In a survey conducted by Cipla (Cipla Digestive Health Trends Index), 26% of participants reported that they suffer from Irritable Bowel Syndrome (IBS). The use of a good quality, daily probiotic can decrease the symptoms of IBS as the microorganisms found in probiotics support the maintenance of a healthy gut flora balance.

Professor Leon Dicks, head of the Department of Microbiology at Stellenbosch University and developer of probiotic entiro™ says IBS is characterised by a variety of symptoms including abdominal pain and cramping, bloating, diarrhoea and constipation.

“Unfortunately, most cases of IBS go undiagnosed as sufferers would rather not consult their physicians about the symptoms. New research into the causes of IBS suggest changes to the brain-gut messaging; stretching and contractions of the muscles in the gut; and, a general increase in pain experienced. But although relatively little is known about the cause of IBS, we do know how to treat it.”

Professor Dicks explains that women are more likely than men to suffer from IBS and that the syndrome rarely occurs in people past 50 years of age. “Those who have family members suffering from IBS should be cautious, as this may increase their risk of developing the syndrome.”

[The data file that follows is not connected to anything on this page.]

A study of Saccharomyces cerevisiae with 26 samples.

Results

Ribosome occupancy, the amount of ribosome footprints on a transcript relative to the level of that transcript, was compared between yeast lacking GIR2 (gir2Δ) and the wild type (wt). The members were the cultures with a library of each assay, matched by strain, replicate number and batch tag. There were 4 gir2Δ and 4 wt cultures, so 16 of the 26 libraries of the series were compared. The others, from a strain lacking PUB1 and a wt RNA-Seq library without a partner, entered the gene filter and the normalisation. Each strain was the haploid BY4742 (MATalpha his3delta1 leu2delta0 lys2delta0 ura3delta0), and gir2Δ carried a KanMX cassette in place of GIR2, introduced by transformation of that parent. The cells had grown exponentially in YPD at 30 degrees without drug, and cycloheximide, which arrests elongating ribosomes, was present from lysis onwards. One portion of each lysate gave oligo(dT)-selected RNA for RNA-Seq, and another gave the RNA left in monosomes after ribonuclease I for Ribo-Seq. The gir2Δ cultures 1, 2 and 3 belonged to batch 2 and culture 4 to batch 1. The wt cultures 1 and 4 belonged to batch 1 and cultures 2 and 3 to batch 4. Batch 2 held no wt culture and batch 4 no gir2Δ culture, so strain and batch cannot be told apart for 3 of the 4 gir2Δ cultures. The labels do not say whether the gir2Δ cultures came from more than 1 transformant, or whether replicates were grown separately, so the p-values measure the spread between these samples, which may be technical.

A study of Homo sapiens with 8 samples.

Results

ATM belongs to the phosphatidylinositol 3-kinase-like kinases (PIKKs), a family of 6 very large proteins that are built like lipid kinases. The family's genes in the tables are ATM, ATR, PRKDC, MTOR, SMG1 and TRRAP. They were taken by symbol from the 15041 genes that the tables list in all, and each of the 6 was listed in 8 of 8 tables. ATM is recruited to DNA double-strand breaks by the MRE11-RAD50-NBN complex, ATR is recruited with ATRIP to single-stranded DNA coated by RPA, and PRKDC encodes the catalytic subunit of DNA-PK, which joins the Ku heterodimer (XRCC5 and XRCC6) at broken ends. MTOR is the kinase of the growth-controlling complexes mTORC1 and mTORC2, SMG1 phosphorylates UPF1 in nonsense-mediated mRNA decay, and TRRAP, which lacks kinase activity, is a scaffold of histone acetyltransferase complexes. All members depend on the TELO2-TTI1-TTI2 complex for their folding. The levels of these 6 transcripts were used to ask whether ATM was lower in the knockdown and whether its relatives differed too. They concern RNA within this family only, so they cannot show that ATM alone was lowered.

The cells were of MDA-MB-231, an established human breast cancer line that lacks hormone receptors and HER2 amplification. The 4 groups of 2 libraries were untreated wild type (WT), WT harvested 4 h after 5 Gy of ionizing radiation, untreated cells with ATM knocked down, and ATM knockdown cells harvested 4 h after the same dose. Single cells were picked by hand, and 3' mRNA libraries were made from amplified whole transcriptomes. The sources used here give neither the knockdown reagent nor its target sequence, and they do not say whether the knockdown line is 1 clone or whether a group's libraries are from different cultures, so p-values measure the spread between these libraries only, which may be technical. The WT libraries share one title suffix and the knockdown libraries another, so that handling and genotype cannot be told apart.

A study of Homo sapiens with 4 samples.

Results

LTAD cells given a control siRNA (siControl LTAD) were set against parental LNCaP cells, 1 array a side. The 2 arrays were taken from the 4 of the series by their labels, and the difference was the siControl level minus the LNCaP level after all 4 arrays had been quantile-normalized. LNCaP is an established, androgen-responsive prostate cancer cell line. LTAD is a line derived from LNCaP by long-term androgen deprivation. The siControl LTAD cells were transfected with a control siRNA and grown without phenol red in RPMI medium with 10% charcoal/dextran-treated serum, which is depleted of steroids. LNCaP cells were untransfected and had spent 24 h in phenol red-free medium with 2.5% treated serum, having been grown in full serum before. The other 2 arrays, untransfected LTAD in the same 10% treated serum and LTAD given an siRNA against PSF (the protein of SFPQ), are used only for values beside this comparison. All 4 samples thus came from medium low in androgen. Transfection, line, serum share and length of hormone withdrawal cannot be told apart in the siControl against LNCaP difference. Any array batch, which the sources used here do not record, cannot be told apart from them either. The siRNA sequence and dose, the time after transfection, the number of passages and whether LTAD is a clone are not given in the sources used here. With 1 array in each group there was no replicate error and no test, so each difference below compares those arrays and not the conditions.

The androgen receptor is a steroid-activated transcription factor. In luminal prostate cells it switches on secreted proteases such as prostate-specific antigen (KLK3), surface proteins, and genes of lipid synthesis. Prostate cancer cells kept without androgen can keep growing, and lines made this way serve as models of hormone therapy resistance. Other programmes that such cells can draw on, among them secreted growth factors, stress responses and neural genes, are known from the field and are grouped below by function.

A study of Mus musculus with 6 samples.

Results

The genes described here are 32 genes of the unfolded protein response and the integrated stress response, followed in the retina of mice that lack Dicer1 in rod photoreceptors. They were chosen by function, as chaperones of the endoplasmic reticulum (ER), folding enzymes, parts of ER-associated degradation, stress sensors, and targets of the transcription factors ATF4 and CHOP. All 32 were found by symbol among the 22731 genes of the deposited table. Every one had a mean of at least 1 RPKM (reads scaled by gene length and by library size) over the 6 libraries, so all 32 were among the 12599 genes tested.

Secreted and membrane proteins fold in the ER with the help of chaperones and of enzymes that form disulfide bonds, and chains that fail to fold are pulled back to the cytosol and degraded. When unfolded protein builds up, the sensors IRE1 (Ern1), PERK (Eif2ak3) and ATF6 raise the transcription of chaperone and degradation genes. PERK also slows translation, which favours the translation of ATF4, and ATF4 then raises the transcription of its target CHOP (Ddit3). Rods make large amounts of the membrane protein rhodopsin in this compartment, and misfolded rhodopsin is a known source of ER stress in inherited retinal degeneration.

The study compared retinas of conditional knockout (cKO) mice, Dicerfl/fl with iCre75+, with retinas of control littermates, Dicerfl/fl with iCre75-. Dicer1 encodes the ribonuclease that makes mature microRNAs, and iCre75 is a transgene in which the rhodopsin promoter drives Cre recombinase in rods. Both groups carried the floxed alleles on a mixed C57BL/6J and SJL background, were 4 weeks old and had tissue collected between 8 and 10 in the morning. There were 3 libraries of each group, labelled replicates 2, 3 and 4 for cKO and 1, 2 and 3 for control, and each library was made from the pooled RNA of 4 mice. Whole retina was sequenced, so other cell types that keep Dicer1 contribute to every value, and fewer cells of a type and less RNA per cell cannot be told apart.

“The symptoms are not only physical, but can also cause stress as sufferers are in frequent pain or discomfort. The syndrome can also cause anxiety as bowel movements become unpredictable and difficult to control.”

Professor Dicks adds that research has established a link between a dysfunction of the bacteria in the gut, known as gut flora, and the onset of IBS. “Disruption to the fine balance between gut flora and the body may be caused by a number of factors, including the use of antibiotics or a bout of gastroenteritis.”

He explains that certain foods are known catalysts for IBS and sufferers would be well warned to limit the consumption of these foods. “Many sufferers of IBS are lactose intolerant and are unable to properly digest milk and dairy products. Dairy products also contain high amounts of fat which can exacerbate diarrhoea. Grains, fried foods and caffeinated drinks are all high risk foods for sufferers and have been known to trigger symptoms of IBS.”

Professor Dicks states that probiotics or ‘good’ bacteria, consisting of live microorganisms, are beneficial in the management of IBS. “Although there are many probiotics on the market, it is important to ensure that you take a good quality probiotic which treats and protects both the small and large intestine.”

“Probiotics have no real negative side effects and are therefore a safe course of action in the management of IBS,” he concludes.